For the large majority of students in the foster care system, however, going to college is rarely a reality.

A new bill being discussed at the Capitol would aim to change that culture. Any foster kid between 13 and 25 years old would be eligible for a grant of up to $30,000 per year to attend several colleges and schools within the University of Wisconsin and Wisconsin Technical College systems.

According to lawmakers on both sides of the aisle, the legislation would help get foster children on the right track.

"It's a big need because what's happening, we're finding out, is kids that age out of the foster care system, many of them end up in trouble,” Rep. Todd Novak, R-Dodgeville, said. “They end up in jail. And it's not that they want to, but they end up getting into trouble."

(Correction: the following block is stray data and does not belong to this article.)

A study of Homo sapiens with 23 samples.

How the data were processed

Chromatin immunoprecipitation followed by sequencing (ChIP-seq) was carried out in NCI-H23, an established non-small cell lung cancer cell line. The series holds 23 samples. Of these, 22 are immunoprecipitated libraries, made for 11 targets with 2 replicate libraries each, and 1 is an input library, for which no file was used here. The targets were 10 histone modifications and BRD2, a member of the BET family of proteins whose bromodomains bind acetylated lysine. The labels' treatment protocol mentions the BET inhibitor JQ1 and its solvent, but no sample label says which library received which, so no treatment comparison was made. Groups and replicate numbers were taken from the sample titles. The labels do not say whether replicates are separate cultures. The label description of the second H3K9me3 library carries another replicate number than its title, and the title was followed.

According to the Wisconsin Department of Children and Families, out of the over 7,000 children in foster care in 2016, about 300 kids aged out of the system. A large majority of these students want to continue their education, a state task force on foster care discovered, but many students don’t have the money or resources to pursue a college education.

“Once the child is out of the foster care system and they age out, they're technically on their own. A lot of foster parents continue to help their foster kids out, however, a lot of them don't," Novak said.

If the bill is passed, local colleges could potentially offer foster children over $100,000 in grants and remissions in 2019. Students would continue to receive support as long as they are enrolled.

Lawmakers agree the fact that these grants are available to kids as young as 13 years old will boost high school performance.

“It gives them something,” Novak said. “If they know they have the ability to go to vocational school or to college, they're going to be doing better in high school too because they know they're going to need to keep their grades up."

A public hearing on the bill was held on Thursday.